My daughter, Maggie, is getting married this summer and I’m here to tell you that things have changed . . . a lot . . . since the little woman, Winnie, and I tied the knot in 1977. The Wright household is all atwitter with excitement over the wedding plans and, while I have offered a few suggestions, it has become readily apparent that my expected participation, at this stage, is to write checks and stay out of the way.
I thought Winnie and I had a wonderful wedding and reception 33 years ago. After exchanging vows at the Smalltown Congregational Church, we were off to celebrate at the Bull Mountain Ski Lodge. We had a great meal we picked up at Dan’s Market—tuna and chicken salad finger rolls, IGA potato chips and macaroni salad—served on paper plates, the fancy ones with the little blue flowers on them.
It was quite a party too. We danced the night away to “The Rusty Bean Music Machine”. Rusty was the mechanic down at Blake’s Esso Station, but he moonlighted as a wedding singer. Accompanied by his Casio keyboard, he belted out all the nuptial classics, from Roy Orbison’s “It’s Over” to the Rolling Stones’ “(I Can’t Get No) Satisfaction”. I was encouraged that Rusty just might play something appropriate for the occasion when he invited Winnie and me to the dance floor as he played the lovely Beatles ballad “I Will”. My new bride was less than impressed though, when he completed the Fab Four medley with “I’m a Loser” and “I Should Have Known Better”.
It was a great party and before we knew it, we were dragging Schlitz cans behind our 1972 Chevy Vega on our way to honeymoon for two glorious nights at the Buck and Doe Lodge in Island Lake.
Now that Maggie is planning a wedding, I’m discovering that some entrepreneurs have found hundreds of ways to turn marriage into a major industry.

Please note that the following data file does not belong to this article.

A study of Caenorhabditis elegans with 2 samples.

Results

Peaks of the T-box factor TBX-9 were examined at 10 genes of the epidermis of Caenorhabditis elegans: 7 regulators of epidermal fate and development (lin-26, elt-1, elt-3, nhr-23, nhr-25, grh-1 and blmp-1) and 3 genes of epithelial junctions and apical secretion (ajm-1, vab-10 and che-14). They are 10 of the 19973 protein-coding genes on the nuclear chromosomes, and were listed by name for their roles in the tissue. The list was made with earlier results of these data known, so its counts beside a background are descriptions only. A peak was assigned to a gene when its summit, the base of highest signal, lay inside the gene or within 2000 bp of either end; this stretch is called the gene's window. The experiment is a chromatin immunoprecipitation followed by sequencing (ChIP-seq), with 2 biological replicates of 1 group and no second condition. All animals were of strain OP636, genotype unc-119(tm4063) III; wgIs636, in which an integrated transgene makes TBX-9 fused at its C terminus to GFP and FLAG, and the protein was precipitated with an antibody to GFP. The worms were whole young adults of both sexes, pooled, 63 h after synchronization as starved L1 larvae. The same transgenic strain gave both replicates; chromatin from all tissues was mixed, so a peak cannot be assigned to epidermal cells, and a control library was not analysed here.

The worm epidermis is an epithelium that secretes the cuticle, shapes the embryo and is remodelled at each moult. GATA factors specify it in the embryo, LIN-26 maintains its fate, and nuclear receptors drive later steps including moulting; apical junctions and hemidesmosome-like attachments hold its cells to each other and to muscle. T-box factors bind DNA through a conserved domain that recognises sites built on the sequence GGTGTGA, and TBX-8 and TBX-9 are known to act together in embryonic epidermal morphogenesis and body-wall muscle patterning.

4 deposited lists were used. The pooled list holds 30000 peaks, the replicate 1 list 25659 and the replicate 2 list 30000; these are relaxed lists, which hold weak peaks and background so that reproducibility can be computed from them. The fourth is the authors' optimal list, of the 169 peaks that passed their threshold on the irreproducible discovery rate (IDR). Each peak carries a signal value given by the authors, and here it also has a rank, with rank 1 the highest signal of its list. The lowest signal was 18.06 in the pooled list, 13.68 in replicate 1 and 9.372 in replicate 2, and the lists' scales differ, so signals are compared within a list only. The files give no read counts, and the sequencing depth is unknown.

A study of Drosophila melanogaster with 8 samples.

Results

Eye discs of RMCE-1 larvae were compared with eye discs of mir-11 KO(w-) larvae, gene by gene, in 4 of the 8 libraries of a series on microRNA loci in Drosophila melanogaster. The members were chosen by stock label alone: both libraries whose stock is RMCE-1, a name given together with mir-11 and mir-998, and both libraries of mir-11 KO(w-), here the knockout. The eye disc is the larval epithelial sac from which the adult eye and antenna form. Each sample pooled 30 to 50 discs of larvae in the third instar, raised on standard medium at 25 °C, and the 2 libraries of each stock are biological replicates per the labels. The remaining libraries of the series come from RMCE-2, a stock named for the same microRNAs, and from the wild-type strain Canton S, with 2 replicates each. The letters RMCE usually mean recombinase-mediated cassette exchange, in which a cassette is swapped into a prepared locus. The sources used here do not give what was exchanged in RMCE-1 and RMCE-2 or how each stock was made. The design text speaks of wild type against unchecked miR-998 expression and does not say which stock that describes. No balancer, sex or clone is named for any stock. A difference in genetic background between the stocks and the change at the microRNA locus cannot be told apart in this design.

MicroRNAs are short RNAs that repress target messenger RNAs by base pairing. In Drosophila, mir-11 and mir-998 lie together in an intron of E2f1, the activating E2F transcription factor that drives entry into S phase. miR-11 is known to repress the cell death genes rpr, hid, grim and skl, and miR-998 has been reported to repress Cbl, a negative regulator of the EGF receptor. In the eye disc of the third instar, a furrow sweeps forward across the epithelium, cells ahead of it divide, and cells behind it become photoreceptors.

There are no more do-it-yourself weddings. One must hire a wedding planner for fear that the bride and her mother will forget some of the ways to spend money on the big event.
Maggie is a beautiful, wonderful, young lady, but she’s pushing 30 – old maid material by 1970s standards—so I was happy to agree with the little woman that our little girl should have a nice wedding. I was duped; had no idea what I was agreeing to.
Let me provide you with a partial list of the components of a 21st Century wedding.
• An engagement party – because the bride’s parents aren’t going to spend enough on the wedding itself.
• Save the date cards – these go out several months prior to the invitations just in case one person didn’t hear about the impending nuptials via email, Facebook or Twitter.
• The bride’s dress – must be custom made by a designer to ensure that it is like no other and costs as much as an entire 1977 wedding.
• Music – no “Rusty Bean Music Machine”. One must hire different musicians for the ceremony, cocktail hour, and reception. The band for the reception must include a horn section and a lead singer with, at least, one Grammy on his/her mantle. The cash outlay for music on the big day must be equal to, or greater than, twice the cost of the bride’s dress.
• Flowers – must include exotic species only – nothing grown in this country and certainly nothing the father of the bride can pronounce . . . or afford.
• Photographer – must include still photos and hi-def video. The photographer must be a descendent or former student of Ansel Adams and must be so busy that he/she couldn’t care less if you turn down their offer to document the big day for the cost of a European vacation for two.
• Guest Bags – The list goes on, but this is the item that earned me the nickname, “George Banks”—you know, the Steve Martin character in Father of the Bride. I’m told we have to give each guest staying at the hotel a guest bag containing bottled water, aspirin, and snacks. Pleeease! I love these people, but will they really need snacks after the $150 meal? And aspirin because I bought them too many $10 cocktails? And water? Doesn’t that come out of that shiny thing hooked to the sink, like at home?
I love Maggie and I hope she is happily married for many years. Her mom and I have been in a state of continuous bliss for 33 years now. If wedding expense is a happiness factor, I figure she and Roscoe should be good for, at least, 330 anniversaries.